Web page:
Backporting and Ansible inclusion

Each collection community can set its own rules and workflow for managing pull requests, bug reports, documentation issues, and feature requests, as well as adding and replacing maintainers. Maintainers review and merge pull requests following the:

There can be two kinds of maintainers: Collection maintainers and Module maintainers.

Collection maintainers

Collection-scope maintainers are contributors who have the write or higher access level in a collection. They have commit rights and can merge pull requests, among other permissions.

When a collection maintainer considers a contribution to a file significant enough (for example, fixing a complex bug, adding a feature, providing regular reviews, and so on), they can invite the author to become a module maintainer.

Module maintainers

Module-scope maintainers exist in collections that have the collection bot, for example, community.general and

Being a module maintainer is the stage prior to becoming a collection maintainer. Module maintainers are contributors who are listed in .github/BOTMETA.yml. The scope can be any file (for example, a module or plugin), directory, or repository. Because in most cases the scope is a module or group of modules, we call these contributors module maintainers. The collection bot notifies module maintainers when issues/pull requests related to files they maintain are created.

Module maintainers have indirect commit rights implemented through the collection bot. When two module maintainers comment with the keywords shipit, LGTM, or +1 on a pull request which changes a module they maintain, the collection bot merges the pull request automatically.

For more information about the collection bot and its interface, see to the Collection bot overview.

Releasing a collection

Collection maintainers are responsible for releasing new versions of a collection. Generally, releasing a collection consists of:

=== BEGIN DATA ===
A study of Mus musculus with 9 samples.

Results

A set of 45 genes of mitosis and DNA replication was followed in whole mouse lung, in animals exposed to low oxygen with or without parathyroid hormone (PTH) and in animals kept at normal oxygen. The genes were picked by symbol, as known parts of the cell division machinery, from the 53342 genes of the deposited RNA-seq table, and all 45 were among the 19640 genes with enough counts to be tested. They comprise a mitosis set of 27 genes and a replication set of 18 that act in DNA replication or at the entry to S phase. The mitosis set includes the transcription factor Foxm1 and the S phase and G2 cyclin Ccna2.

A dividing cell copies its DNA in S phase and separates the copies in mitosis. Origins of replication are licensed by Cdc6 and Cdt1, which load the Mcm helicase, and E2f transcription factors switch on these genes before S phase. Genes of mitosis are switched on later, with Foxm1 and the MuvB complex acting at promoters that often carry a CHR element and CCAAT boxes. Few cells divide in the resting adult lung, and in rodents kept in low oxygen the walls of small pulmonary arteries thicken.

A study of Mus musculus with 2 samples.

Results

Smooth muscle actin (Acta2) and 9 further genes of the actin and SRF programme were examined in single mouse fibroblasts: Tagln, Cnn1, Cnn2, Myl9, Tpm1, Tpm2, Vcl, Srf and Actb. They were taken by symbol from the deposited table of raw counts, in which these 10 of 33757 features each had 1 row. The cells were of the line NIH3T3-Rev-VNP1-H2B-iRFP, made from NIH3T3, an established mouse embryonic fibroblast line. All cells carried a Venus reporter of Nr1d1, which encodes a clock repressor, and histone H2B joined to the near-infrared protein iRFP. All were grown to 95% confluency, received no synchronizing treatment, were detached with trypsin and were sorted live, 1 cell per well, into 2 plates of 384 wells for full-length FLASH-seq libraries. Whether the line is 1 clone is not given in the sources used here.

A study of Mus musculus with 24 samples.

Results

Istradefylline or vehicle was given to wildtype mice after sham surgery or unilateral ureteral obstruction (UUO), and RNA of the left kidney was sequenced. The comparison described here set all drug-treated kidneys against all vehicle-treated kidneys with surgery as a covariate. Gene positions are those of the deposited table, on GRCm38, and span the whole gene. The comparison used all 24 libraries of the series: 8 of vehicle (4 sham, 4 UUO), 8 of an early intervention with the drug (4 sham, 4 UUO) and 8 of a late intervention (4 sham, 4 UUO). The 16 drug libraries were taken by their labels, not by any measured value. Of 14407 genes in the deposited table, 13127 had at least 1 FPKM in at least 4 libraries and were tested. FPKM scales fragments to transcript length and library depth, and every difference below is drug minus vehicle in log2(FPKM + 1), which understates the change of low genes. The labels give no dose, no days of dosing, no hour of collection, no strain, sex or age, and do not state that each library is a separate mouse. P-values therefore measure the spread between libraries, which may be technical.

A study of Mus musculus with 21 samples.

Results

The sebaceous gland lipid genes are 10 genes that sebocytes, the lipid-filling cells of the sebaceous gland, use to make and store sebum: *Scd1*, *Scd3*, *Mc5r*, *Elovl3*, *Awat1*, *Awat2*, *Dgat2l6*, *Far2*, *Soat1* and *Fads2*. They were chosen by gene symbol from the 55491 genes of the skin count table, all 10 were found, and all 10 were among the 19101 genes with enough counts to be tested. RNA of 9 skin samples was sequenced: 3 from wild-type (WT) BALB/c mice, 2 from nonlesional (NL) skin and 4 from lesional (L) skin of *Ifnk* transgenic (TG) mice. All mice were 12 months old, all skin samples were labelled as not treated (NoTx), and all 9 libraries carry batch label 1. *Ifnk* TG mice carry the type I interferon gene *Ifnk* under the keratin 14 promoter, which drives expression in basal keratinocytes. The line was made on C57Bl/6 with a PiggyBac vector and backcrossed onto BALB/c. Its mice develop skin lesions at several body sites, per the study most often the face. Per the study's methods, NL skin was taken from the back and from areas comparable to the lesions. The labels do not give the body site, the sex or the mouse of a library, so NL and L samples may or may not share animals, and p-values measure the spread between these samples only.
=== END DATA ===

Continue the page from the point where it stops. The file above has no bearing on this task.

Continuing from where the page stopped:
1. Planning and announcement.

  2. Generating a changelog.

  3. Creating a release git tag and pushing it.

  4. Automatically publishing the release tarball on Ansible Galaxy through the Zuul dashboard.

  5. Final announcement.

  6. Optionally, file a request to include a new collection into the Ansible package.

See Releasing collections for details.


Collection maintainers backport merged pull requests to stable branches following the semantic versioning and release policies of the collections.

The manual backport process is similar to the ansible-core backporting guidelines.

For convenience, backporting can be implemented automatically using GitHub bots (for example, with the Patchback app) and labeling as it is done in community.general and

Including a collection in Ansible

If a collection is not included in Ansible (not shipped with Ansible package), maintainers can submit the collection for inclusion by creating a discussion under the ansible-collections/ansible-inclusion repository. For more information, see the repository’s README, and the Ansible community package collections requirements.

Stepping down as a collection maintainer

Times change, and so may your ability to continue as a collection maintainer. We ask that you do not step down silently.

If you feel you don’t have time to maintain your collection anymore, you should:

  • Inform other maintainers about it.

  • If the collection is under the ansible-collections organization, also inform relevant Real-time chat, the community chat channels on IRC or matrix, or by email

  • Look at active contributors in the collection to find new maintainers among them. Discuss the potential candidates with other maintainers or with the community team.

  • If you failed to find a replacement, create a pinned issue in the collection, announcing that the collection needs new maintainers.

  • Make the same announcement through the Bullhorn newsletter.

  • Please be around to discuss potential candidates found by other maintainers or by the community team.

Remember, this is a community, so you can come back at any time in the future.